Make Black History Personal: #2 Migrating Up North for a Better Life

My paternal grandparents, Beatrice (Parker) and Eddie Walton Batchelor migrated from rural Georgia in 1917 to the growing industrial city of Detroit. This photo below was taken when they arrived at the train station in Detroit with their eldest child, my Aunt Mary, who understandably looks a little shell-shocked by all the change going on.

My paternal grandparents at the train station in Detroit.

My paternal grandparents at the train station in Detroit.

Before the move, my grandparents were sharecroppers, which was the economically devastating sequel to slavery. In sharecropping, you didn’t own the land you worked, a good portion of the crop went to pay your rent and the rest to pay for supplies you bought from the landowner.

In other words, Blacks in the South like my grandparents barely made enough to get by. Then my grandparents saw a flyer from some man up North named “Henry Ford” who promised a good paying job in his auto factory in Detroit making –

$5 a day.

News story on Henry Ford's flyer offering work in the auto factory.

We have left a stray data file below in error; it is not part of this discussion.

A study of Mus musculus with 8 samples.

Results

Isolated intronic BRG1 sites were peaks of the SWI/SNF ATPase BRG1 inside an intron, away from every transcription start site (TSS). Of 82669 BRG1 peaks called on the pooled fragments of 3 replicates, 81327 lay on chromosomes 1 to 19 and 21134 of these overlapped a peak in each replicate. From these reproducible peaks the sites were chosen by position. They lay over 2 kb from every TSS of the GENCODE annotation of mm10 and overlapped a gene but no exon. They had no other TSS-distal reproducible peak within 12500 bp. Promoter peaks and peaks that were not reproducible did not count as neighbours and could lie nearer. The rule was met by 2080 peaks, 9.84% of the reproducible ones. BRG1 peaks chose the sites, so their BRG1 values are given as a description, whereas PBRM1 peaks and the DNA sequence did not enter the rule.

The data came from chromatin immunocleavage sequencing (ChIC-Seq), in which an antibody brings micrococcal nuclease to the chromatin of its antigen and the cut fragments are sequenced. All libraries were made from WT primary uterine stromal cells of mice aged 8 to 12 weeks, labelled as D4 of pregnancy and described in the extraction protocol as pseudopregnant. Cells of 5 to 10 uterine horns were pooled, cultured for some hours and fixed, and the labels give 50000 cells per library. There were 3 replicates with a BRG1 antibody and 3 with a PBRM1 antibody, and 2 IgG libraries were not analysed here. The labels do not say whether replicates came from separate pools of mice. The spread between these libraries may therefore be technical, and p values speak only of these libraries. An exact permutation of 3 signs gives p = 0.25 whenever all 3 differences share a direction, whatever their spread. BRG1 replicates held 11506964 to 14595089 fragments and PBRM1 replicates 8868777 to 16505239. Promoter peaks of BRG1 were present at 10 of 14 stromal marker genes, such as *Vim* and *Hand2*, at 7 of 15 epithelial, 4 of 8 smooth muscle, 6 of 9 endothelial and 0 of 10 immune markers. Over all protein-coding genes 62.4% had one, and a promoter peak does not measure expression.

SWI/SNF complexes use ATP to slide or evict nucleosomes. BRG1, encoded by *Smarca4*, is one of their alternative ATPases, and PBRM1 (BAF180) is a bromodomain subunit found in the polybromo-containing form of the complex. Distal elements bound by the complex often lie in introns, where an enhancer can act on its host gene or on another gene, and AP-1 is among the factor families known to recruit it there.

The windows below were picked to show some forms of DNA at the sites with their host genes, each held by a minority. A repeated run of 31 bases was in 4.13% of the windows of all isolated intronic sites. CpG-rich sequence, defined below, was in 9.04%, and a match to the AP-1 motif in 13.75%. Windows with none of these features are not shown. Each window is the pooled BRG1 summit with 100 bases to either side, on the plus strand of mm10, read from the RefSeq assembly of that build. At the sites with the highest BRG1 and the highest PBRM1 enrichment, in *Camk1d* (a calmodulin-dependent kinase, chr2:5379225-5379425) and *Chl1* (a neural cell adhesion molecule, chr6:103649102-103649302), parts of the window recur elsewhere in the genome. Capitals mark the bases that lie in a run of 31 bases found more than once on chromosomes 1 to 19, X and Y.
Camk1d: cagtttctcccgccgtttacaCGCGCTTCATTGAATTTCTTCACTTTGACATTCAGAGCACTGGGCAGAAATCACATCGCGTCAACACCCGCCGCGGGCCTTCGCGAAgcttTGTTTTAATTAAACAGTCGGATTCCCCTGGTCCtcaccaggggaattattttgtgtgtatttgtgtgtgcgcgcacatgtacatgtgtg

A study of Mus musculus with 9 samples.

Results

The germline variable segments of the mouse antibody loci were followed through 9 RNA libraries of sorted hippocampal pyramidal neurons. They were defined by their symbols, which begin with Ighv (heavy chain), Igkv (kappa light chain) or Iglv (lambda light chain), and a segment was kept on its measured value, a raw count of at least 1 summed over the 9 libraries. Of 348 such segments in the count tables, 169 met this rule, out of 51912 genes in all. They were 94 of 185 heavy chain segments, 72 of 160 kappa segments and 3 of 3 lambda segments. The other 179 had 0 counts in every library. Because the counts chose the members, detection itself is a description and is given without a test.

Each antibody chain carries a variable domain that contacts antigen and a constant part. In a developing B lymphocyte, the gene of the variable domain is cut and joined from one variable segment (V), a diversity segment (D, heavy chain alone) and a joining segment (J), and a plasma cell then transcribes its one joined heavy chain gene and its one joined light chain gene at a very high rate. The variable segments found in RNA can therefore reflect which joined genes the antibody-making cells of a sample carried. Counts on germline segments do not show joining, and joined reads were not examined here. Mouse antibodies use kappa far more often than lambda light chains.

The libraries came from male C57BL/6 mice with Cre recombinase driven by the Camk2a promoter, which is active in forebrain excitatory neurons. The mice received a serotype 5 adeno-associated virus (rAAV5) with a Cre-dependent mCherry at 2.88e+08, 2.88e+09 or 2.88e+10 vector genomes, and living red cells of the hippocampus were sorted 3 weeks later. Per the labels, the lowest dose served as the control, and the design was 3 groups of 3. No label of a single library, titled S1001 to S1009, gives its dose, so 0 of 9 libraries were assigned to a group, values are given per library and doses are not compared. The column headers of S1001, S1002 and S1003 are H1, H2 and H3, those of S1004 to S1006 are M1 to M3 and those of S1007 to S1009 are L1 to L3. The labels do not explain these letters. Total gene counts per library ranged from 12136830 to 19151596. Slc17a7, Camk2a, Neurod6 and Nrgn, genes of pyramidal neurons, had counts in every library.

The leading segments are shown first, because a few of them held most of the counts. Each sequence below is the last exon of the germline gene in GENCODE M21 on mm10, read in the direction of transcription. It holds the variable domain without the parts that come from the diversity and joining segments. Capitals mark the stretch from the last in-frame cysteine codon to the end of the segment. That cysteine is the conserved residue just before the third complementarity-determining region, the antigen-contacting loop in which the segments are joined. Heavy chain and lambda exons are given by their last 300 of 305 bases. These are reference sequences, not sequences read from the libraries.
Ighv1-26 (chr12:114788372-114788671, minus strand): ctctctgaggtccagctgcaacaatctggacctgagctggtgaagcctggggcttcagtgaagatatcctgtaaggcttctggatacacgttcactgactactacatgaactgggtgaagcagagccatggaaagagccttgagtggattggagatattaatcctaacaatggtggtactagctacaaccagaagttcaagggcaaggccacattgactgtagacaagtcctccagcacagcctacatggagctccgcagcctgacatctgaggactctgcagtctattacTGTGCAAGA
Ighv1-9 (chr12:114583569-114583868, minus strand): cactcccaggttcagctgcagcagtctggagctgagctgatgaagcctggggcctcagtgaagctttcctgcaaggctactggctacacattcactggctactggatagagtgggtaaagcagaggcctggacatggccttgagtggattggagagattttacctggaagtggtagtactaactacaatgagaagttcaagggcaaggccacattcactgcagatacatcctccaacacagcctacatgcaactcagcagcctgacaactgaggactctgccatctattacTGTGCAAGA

News story on Henry Ford’s flyer offering work in the auto factory.

That was enough incentive to say good-bye to the red dust and oppression of Jim Crow Georgia. Grandma and Grandpa got on a train, headed North and never looked back. And over the next few years, many of their relatives followed them to Michigan – and a better life.

How can you make Black history personal?


Karen Batchelor is a genealogist and founder of where she blogs about more than three decades of climbing her family tree. Learn more about her here and connect with her on Facebook and LinkedIn.


2 Responses to “Make Black History Personal: #2 Migrating Up North for a Better Life”
  1. Pat Quintero says:

    Read the background on Ford’s employment restrictions. Never heard those before. Smacks of Ross Perot’s practices when he owned EDS – prior to selling to General Motors.

    My parents(followed by all her siblings) came here from KY for the same reasons. NOTE: Before my Mom died, I taped her (oral histories). Got some
    wonderful insights – so much I never would have known.

    Won’t get anything done tonight other than reading your words Karen. What an
    educator you are!!

    • Karen says:

      Pat –

      Thanks for reading my stories here on Extreme Ancestry. Sound like you’ve got some great family history to share too! We’ll have to compare notes.